The road to growth for consumer fintech companies is taking a platform-based route, with single-offering companies increasingly taking on a family of additional services to lock in customers.
Founded in 2010, London- and New York-based venture firm Anthemis Group focuses on early-stage and Series A fintech investments. Its total deployed capital amounts to more than $190 million across all vehicles, including its venture fund, balance sheet and corporate investment partnerships. Its portfolio includes mobile banking firm Moven, personal finance app Qapital, robo-adviser Betterment and B2B payments provider Bento for Business.
Jillian Williams, investment principal, has worked at Anthemis since 2016. She is responsible for overseeing 14 companies in Anthemis’ portfolio of more than 90 firms, and is a board observer for seven of them, including B2B digital mortgage software developer Maxwell and digital retirement planning platform Kindur.
Williams spoke to Bank Innovation about the evolution of consumer-facing fintech companies as subject areas become competitive and offerings increasingly become commoditized.
What are some of the biggest forces shaping consumer fintech today?
We’re definitely seeing the rebundling [of products and services] in how everyone is trying to “own the customer”. Owning the customer means owning the savings and checking accounts. You see a lot of the robo-advisers trying to get into checking accounts, and there’s a rise in the number of challenger banks in the U.S. Most of the challenger banks are targeting the older end of the [millennial] age group, but others like Current are targeting a younger generation. People in the U.S. [typically] don’t change their banks so, if you can acquire [customers] at a young age, you can own the customer relationship.
Once a company owns the customer relationship in a banking or personal finance context, is the goal to just “set it and forget it” or is there something else at play here?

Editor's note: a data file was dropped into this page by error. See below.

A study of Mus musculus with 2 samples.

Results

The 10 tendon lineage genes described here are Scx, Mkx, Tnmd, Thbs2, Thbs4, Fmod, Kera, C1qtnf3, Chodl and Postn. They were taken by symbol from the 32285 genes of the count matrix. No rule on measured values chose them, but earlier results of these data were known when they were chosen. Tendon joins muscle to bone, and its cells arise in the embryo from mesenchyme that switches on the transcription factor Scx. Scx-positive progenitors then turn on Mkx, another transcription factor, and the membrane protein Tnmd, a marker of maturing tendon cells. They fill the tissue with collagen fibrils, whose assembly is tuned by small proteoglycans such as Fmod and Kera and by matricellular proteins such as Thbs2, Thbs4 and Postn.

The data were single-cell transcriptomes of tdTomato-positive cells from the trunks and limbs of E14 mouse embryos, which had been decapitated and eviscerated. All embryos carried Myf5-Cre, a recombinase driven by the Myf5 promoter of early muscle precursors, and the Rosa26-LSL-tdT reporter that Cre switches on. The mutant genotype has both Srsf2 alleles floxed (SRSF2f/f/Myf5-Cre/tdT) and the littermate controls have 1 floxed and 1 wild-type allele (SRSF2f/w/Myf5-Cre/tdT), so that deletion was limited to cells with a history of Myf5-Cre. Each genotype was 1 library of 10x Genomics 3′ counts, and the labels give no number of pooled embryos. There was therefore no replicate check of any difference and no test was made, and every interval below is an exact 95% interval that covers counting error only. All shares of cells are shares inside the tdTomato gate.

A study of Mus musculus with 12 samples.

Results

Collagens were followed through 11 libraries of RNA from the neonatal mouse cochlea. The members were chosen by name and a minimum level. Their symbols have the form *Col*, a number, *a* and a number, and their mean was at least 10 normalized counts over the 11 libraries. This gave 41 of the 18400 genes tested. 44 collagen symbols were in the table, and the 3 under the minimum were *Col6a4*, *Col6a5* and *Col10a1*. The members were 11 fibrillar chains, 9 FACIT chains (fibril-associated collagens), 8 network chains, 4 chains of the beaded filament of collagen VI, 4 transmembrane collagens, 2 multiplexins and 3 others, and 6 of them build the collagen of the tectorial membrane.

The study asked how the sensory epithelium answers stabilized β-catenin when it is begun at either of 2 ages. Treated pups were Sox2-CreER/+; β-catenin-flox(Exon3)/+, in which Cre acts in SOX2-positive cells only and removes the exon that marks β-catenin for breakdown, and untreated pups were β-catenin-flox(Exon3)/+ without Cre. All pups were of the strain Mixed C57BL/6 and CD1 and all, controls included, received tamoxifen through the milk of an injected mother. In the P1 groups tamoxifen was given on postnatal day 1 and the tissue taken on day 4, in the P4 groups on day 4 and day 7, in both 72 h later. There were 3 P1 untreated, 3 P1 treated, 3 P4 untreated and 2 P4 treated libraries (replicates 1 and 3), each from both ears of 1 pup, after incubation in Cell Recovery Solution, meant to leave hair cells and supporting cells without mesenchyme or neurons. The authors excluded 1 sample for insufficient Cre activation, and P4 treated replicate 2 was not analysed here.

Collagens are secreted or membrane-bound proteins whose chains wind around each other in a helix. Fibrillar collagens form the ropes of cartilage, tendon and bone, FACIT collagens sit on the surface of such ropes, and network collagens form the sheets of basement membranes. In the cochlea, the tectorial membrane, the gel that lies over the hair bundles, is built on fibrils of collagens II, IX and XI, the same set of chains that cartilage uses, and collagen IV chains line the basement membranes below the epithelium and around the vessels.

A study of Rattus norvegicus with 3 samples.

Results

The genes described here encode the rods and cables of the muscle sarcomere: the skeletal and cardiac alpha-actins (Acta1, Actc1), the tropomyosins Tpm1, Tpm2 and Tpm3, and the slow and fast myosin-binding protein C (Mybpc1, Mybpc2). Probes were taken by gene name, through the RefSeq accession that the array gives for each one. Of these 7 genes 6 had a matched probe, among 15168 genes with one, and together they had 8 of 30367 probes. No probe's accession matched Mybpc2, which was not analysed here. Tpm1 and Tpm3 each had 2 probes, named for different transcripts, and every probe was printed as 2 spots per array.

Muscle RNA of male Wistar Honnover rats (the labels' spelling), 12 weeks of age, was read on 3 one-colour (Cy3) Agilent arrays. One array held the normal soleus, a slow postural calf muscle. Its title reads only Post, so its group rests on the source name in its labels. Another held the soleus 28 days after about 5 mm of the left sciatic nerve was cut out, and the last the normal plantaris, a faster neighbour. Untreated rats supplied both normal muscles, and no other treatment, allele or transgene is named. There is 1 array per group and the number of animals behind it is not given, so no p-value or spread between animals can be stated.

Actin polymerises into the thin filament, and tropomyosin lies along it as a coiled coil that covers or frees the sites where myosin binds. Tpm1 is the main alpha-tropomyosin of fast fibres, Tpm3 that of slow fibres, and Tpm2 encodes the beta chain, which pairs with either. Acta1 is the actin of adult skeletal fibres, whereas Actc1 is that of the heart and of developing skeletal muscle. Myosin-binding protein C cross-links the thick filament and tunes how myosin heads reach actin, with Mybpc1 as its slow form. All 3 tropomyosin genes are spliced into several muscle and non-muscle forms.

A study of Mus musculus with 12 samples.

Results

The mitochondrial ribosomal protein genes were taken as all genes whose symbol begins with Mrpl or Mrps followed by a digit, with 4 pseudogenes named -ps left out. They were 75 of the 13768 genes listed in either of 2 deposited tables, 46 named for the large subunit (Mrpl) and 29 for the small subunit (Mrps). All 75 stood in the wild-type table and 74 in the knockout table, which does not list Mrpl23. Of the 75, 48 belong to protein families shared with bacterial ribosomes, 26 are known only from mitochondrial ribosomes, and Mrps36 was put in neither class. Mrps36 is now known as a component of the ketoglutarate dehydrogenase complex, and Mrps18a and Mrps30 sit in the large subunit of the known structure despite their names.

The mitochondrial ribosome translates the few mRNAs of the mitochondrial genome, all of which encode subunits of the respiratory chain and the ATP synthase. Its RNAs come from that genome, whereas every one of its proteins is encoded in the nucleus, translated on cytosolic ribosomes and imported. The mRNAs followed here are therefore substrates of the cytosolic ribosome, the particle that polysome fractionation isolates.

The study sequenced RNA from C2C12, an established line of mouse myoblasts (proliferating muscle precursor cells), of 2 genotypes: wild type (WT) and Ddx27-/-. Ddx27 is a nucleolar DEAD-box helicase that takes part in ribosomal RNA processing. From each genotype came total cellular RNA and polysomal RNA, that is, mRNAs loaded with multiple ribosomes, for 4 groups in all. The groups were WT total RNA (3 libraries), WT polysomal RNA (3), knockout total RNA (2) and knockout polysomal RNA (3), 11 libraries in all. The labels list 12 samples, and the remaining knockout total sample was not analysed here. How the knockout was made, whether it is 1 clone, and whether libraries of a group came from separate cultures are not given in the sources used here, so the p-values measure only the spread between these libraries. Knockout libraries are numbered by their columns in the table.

When customers interact with their financial institution, they don’t want to think about their finances. People don’t want to go look at Mint and see where they’re spending their money; it’s about how can they change their habits overall.
What we are thinking about is embedded finance. It’s when financial services [tools] are happening in the background and helping people achieved a means to an end [automatically], and you don’t need to interact with your bank. For example, using an app that helps you save for that iPhone and lets you buy it within the same app.
What’s your take on challenger banks?
I don’t think they’ll necessarily take market share from [traditional] banks, but they’re targeting people that are underserved by the banks. The winners will be the ones that have the best costumer experience. Until recently, the target customer has been on the higher end of the [millennial] spectrum that tops out at age 30, but there’s still the opportunity around a younger demographic, Generation Z. Many [challenger banks] will find it hard to differentiate themselves so some will not exist or some sort of consolidation will happen.
Where does the growth of the challengers leave the incumbents?
Big bank acquisitions of the digital [challenger] banks will be driven by customer acquisition. While challenger banks obviously have fewer customers, startups have engagement – and there’s a case for a bank like JPMorgan Chase to acquire one of those.
What trend, in your opinion, is overhyped?
It’s not necessarily overhyped, but one area where a lot of companies aren’t necessarily solving in the right way is the payback space for student loans. They’re targeting the typical personal finance model – round up and pay back your student loan – but there’s such a broader issue with student loans. You need to have an impact by starting earlier in the chain, like when students are applying to college.